What is Narcissism?
Updated: Mar 6, 2020
Narcissism is often understood as self- love but is far more complex.
Narcissism, like all personality traits, exists on a continuum from healthy to pathological i.e. damaging to oneself or others.
Healthy narcissism refers to a healthy sense of pride in oneself and what you produce, a healthy sense of feeling entitled to being treated well and a healthy belief that you are good enough.
Having watched the run-up, outcome and aftermath of the American elections, we are reminded of the other side of the narcissistic spectrum, that is, rampant self- promotion and boastful grandiosity.
The culture of self- promotion that we are all involved in to some minor or major extent to get ahead today is a far cry from years ago when the endorsement for your capability and integrity was through others who had come to know you and could vouch for you through experience.
When we look at narcissistic traits that make up a personality disorder, we find:-
An insatiable need for recognition and admiration
A tendency to steer conversation towards one’s accomplishments.
A tendency to see oneself as more interesting than others.
Core beliefs that “the more fame, wealth, beauty, power or position I have, the better I will feel”
Grandiose ideas of specialness and entitlement
An inability to tolerate negative feedback
A tendency to blame others i.e. take no responsibility
Low or no levels of empathy towards others
A tendency to seek out people who are seen to matter and feel important due to the association with them.
A tendency to disregard and be openly bored with people who do not matter, even deliberately ignoring them.
Deep core feelings of shame and envy which are over compensated for so the person never experiences or recognizes them.
Relationships can be difficult for partners. Narcissistic people tend to initially make others feel important and desirable i.e. they glow in the light of this special person. However, they can never let their partner become too happy, too successful or feel too good about themselves. To maintain this, their partner needs to be devalued in different ways. It is not unusual for open contempt to develop over time. The deal in the relationship then is “for me to feel adequate and ok, you must feel less ok.” This deal is not transparent or even conscious. Due to the charisma of the start of the relationship it is not usually apparent.
Healthy relationships rely on the ability to care, empathize and communicate. This person is likely to dismiss their partners concerns – ‘there you go making a fuss again” or to attack them in a way that communicates “how dare you criticize me who is so special”.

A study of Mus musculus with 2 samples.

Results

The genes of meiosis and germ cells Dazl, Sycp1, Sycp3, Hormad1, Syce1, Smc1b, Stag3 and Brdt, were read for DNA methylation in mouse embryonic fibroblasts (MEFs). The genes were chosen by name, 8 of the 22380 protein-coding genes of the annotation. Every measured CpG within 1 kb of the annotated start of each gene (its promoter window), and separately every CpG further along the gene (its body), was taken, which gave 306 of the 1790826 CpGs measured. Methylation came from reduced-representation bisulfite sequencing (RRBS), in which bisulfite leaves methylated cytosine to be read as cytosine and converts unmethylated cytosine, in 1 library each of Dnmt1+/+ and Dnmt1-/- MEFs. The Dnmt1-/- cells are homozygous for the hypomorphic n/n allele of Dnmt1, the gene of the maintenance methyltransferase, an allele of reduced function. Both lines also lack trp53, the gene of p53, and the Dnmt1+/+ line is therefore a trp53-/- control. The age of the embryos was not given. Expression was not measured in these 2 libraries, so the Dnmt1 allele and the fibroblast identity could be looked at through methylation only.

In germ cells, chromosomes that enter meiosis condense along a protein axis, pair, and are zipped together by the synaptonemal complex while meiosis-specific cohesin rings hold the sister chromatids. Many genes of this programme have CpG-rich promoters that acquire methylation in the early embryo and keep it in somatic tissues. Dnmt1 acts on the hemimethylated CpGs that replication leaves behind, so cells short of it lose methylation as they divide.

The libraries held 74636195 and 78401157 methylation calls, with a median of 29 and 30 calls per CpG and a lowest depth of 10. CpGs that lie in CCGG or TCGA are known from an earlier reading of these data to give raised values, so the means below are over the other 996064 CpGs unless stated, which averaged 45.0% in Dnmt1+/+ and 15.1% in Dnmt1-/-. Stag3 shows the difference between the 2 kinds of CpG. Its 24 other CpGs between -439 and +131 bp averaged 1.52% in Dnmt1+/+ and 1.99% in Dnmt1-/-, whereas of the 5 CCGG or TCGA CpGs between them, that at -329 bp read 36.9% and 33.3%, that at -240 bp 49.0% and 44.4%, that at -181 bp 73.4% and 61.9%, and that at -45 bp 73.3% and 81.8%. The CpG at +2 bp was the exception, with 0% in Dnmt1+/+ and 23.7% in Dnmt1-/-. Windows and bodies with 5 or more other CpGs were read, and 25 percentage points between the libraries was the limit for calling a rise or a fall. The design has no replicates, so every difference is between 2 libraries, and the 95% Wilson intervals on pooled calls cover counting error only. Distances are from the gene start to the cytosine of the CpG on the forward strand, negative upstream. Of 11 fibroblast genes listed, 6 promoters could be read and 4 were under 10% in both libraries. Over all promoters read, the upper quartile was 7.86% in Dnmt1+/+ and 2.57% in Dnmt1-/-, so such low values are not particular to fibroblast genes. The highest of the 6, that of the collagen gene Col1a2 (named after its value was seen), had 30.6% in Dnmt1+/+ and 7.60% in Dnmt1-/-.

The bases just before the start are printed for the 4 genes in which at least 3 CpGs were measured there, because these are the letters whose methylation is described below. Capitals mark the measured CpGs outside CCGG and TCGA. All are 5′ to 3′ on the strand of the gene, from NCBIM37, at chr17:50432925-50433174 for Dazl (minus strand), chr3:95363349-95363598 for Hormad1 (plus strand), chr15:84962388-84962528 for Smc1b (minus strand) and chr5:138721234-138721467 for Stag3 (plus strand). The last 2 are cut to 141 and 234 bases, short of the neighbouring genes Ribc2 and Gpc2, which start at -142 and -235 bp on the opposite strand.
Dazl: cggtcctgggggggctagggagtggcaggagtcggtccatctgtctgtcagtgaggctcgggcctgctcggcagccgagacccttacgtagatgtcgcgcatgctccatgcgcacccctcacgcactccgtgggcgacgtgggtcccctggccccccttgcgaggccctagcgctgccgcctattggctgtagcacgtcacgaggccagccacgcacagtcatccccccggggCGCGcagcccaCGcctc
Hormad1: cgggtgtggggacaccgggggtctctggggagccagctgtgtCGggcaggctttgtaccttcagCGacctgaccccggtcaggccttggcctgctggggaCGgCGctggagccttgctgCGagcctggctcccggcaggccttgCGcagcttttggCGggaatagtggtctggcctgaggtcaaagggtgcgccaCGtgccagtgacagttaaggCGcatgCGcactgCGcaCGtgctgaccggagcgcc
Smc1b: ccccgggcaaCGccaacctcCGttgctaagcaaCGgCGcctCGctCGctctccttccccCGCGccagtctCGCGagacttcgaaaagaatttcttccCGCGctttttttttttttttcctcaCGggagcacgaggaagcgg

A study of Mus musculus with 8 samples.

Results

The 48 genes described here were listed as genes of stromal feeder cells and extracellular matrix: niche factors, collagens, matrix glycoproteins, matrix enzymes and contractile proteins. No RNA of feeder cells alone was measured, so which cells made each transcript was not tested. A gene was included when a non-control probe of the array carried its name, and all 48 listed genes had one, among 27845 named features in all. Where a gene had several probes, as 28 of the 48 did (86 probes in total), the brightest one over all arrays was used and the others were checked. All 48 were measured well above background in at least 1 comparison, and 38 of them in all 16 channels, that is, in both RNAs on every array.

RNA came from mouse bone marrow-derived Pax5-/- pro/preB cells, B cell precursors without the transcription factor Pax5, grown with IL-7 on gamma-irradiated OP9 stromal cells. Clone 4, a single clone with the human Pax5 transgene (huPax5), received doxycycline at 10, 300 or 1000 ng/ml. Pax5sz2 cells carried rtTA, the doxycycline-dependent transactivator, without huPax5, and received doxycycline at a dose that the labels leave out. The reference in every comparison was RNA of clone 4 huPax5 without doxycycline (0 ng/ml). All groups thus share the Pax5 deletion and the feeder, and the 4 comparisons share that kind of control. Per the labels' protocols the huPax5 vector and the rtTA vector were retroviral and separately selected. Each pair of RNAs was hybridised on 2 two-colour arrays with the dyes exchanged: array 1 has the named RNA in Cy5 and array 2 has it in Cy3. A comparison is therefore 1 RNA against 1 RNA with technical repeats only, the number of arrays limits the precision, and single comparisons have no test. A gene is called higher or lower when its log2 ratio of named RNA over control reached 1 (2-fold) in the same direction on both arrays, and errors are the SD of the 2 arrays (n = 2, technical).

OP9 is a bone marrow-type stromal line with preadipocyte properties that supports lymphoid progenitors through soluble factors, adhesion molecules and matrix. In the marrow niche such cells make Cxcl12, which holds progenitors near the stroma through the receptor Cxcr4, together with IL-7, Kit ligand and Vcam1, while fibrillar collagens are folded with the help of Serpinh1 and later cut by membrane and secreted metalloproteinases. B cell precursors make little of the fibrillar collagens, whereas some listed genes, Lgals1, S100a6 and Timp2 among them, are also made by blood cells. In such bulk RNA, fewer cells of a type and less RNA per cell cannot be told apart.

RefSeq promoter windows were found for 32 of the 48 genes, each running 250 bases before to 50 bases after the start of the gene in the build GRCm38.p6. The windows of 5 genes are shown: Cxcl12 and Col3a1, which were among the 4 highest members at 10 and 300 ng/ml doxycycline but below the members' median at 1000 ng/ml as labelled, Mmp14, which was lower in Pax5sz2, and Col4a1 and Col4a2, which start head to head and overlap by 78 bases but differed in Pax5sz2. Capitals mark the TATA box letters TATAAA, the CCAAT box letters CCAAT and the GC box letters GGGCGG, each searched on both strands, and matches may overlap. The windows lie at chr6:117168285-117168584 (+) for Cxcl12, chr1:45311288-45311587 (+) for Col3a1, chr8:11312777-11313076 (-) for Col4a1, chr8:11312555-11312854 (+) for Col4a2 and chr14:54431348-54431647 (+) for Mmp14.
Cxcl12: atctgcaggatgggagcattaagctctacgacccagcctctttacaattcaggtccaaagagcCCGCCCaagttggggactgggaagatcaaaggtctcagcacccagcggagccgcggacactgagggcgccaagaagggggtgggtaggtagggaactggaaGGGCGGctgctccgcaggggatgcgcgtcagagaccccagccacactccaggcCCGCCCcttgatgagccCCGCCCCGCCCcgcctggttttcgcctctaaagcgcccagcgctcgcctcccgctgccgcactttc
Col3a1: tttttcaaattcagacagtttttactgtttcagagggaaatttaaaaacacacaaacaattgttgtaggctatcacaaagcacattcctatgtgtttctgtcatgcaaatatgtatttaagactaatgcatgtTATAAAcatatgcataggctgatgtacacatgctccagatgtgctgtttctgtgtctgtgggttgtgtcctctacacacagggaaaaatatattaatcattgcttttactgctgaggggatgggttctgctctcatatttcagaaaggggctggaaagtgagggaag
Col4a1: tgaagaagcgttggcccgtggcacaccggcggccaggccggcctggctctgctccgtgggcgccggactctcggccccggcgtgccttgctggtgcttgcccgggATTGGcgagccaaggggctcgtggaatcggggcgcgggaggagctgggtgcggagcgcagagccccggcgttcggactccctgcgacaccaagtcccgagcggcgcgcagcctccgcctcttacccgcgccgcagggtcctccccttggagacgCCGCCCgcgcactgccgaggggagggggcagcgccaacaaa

Negative feedback is threatening and intolerable even if delivered in the right way.
It is usually very difficult to divorce or leave a narcissistic person. The sense of shame and humiliation is too much and they are likely to either seduce their partner back or become threatening. However, it will be different if this person chooses to do the leaving. Of course this does not mean that everyone who battles with the end of a relationship is narcissistic.
Family revolves around their needs and wants. While there may not be money to pay for the school fees and children might be shamed for this, there will be money for some luxury for themselves.
Narcissistic people tend to do very well in positions of power and influence, even if those working with them do not particularly like them. Alternatively they tend to to leave each job angry and resentful that their special talents have not been recognized and rewarded.
Narcissistic people are very prone to depression, emptiness and a sense of meaninglessness if their beliefs about themselves are not borne out by results in their lives.
We need to be vigilant about how we bring up our children and how we promote competitiveness or deal with failures. Or what we label as a failure. Does your child feel devastated when they do not always come first? Do they have to be the best otherwise they will not take part or attend? Do you withdraw when they do not meet your standards or expectations? Do you value achievement in them above most other things? Do they have to get the best of everything so that you can feel adequate or better than the other parents? Think on these things.